Since just before the turn of the 20th century, bacteriophage’s antibacterial activity was detected in the waters of the Ganges and Yamuna rivers. English bacteriologist Ernest Hankin had written about the bactericidal effect against cholera of something in the filtered water of these rivers. At the time, he was unaware of viruses that could attack bacteria, and it would be more than two decades later when French-Canadian microbiologist Félix d’Hérelle isolated phage virus from chicken feces and successfully treated an outbreak of chicken typhus—introducing the world to “phage therapy.”
In the 100 years since their first success as a therapy, phages have been used sporadically to treat a host of bacterial infections—gaining more traction in recent years as a therapy to treat drug-resistant bacterial infections. Now, investigators at the National Institutes of Health have just released findings from a recent study using two different bacteriophage viruses individually and then together to successfully treat research mice infected with multidrug-resistant Klebsiella pneumoniae sequence type 258 (ST258). K. pneumoniae ST258 is included on a CDC list of the biggest antibiotic resistance threats in the United States, with high morbidity and mortality rates being associated with the microbe.
Findings from the new study—published recently in mBio through an article titled, “Phage Resistance in Multidrug-Resistant Klebsiella pneumoniae ST258 Evolves via Diverse Mutations That Culminate in Impaired Adsorption”—note that phages are of great interest today because of a dearth of alternative treatment options for drug-resistant infections. Bacterial resistance has emerged against even the latest drug combinations, leaving some patients with few or no effective treatment options.
Scientists completed a series of studies on research mice infected with ST258. They treated the mice with either phage P1, phage P2, or a combination of the two, and all injected at various times following ST258 infection. The scientists had isolated phages P1 and P2 in 2017 from raw sewage that they screened for viruses that would infect ST258—an indication that phages can be found just about anyplace. Phages P1 and P2 are viruses from the order Caudovirales, which naturally infect bacteria.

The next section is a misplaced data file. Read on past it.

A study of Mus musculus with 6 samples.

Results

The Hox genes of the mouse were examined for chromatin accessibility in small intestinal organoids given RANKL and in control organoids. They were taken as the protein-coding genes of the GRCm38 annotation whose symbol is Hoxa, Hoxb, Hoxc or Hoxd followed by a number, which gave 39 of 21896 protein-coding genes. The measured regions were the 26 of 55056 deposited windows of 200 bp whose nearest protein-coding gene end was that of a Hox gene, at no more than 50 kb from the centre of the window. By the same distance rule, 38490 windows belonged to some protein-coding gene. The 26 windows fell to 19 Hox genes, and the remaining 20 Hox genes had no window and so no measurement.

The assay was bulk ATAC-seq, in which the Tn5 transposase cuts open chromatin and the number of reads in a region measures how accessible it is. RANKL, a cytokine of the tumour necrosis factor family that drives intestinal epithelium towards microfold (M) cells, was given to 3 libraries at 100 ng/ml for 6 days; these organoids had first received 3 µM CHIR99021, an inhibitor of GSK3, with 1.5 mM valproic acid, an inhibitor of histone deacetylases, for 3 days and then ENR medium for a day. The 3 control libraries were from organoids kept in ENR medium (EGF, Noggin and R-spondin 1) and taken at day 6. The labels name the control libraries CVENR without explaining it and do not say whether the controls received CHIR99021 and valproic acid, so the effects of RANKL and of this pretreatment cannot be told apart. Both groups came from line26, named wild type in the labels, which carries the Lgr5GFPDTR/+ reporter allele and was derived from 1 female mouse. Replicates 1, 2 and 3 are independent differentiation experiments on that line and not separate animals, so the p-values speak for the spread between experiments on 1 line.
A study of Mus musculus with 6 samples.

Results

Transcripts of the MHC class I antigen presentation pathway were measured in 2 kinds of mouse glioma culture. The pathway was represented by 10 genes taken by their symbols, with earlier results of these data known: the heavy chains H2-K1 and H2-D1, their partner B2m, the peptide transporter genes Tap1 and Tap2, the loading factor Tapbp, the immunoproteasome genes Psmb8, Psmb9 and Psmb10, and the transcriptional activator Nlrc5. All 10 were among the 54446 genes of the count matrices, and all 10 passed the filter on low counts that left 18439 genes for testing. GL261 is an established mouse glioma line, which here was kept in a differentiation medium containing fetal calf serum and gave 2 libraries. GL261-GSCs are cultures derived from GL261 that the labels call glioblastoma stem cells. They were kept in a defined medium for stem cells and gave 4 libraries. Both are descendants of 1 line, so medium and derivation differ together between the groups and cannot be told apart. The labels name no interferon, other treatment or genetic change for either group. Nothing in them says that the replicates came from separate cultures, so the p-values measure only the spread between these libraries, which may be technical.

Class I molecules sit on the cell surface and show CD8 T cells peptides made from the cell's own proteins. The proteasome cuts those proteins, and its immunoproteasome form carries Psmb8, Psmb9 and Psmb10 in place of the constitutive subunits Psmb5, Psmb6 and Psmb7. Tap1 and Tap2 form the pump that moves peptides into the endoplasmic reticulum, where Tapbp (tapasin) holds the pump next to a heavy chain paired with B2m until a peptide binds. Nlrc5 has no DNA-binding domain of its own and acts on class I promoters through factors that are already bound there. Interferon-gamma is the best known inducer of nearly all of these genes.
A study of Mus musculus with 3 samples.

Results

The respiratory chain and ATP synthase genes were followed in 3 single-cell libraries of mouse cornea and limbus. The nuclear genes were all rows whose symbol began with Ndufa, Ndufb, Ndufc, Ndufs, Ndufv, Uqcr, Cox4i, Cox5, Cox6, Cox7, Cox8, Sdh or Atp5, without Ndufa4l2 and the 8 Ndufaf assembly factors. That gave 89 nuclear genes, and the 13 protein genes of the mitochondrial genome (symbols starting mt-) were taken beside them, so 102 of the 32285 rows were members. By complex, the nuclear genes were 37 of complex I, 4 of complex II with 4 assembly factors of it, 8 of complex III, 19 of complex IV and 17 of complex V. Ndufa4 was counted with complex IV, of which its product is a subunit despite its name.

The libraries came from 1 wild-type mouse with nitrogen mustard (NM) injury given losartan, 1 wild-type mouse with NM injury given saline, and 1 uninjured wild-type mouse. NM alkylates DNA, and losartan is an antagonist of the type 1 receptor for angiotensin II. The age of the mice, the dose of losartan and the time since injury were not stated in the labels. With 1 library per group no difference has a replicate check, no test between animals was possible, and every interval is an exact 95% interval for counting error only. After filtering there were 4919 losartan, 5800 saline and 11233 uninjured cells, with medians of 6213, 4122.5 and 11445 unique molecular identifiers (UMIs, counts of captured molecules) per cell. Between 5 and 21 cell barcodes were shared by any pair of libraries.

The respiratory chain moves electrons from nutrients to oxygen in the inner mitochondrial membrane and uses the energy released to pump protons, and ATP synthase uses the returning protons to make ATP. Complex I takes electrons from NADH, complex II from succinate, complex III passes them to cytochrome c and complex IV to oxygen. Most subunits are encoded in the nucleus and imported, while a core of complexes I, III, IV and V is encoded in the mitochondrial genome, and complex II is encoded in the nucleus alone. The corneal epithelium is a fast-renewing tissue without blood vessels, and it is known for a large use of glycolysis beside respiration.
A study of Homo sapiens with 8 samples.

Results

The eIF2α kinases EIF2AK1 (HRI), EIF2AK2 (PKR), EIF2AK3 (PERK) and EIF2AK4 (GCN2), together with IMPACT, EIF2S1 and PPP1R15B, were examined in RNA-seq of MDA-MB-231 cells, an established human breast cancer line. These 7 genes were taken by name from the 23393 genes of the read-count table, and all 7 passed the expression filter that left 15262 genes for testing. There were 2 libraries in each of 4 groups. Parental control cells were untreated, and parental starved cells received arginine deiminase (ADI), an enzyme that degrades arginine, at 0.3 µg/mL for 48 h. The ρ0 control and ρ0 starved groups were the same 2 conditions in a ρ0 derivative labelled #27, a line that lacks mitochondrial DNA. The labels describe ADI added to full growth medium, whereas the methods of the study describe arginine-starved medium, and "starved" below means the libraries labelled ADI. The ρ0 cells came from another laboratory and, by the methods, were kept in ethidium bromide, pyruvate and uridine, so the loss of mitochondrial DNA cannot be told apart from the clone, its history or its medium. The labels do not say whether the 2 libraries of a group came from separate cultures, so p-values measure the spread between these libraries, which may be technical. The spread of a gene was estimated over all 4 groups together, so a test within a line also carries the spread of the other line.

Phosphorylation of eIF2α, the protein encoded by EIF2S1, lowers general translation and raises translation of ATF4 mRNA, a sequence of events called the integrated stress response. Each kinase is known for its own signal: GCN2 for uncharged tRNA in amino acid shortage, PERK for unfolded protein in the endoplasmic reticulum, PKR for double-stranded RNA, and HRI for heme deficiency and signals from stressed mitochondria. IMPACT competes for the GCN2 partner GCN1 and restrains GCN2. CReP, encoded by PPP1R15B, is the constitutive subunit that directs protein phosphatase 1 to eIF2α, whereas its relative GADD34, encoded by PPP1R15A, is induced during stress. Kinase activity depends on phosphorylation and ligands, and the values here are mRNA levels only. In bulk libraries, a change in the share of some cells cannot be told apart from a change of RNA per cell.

“We isolated lytic phages capable of infecting a modified Klebsiella pneumoniae clinical isolate and characterized a total of 57 phage-resistant mutants that evolved from their prolonged co-culture in vitro,” the authors wrote. “Single- and double-phage-resistant mutants were isolated from independently evolved replicate co-cultures grown in broth or on plates. Among resistant isolates evolved against the same phage under the same conditions, mutations conferring resistance occurred in different genes, yet in each case, the putative functions of these genes clustered around the synthesis or assembly of specific cell surface structures.”
Each of the three experimental treatment regimens helped the mice recover from ST258 infection. The scientists noted that the dose of phage provided was less vital to recovery than was the timing of when the dose was received. Mice treated one hour after infection showed the strongest recovery, followed by those treated eight hours after infection and then those treated at 24 hours. Control mice treated with saline all quickly developed severe disease and died.
“All resistant mutants demonstrated impaired phage adsorption, providing a strong indication that these cell surface structures functioned as phage receptors,” the authors penned. “Combinations of phages targeting different host receptors reduced the incidence of resistance, while, conversely, one three-phage cocktail containing two phages targeting the same receptor increased the incidence of resistance (relative to its two-phage, nonredundant receptor-targeting counterpart).”
The NIH researchers also checked the blood and tissue of phage-treated mice for the presence of ST258 bacteria and found there were significantly fewer bacteria at all time points regardless of the treatment method used, as compared to control mice.
Unfortunately, the scientists also found that ST258 bacteria recovered in the blood and tissue samples of phage-treated mice already had begun developing phage resistance, a finding they are continuing to investigate. The group also is studying how phage therapy results compare between samples of ST258-infected mouse blood and human blood and are examining whether components of human blood can interfere with phage efficacy.
“Together, these data suggest that laboratory characterization of phage-resistant mutants is a useful tool to help optimize therapeutic phage selection and cocktail design,” the authors concluded.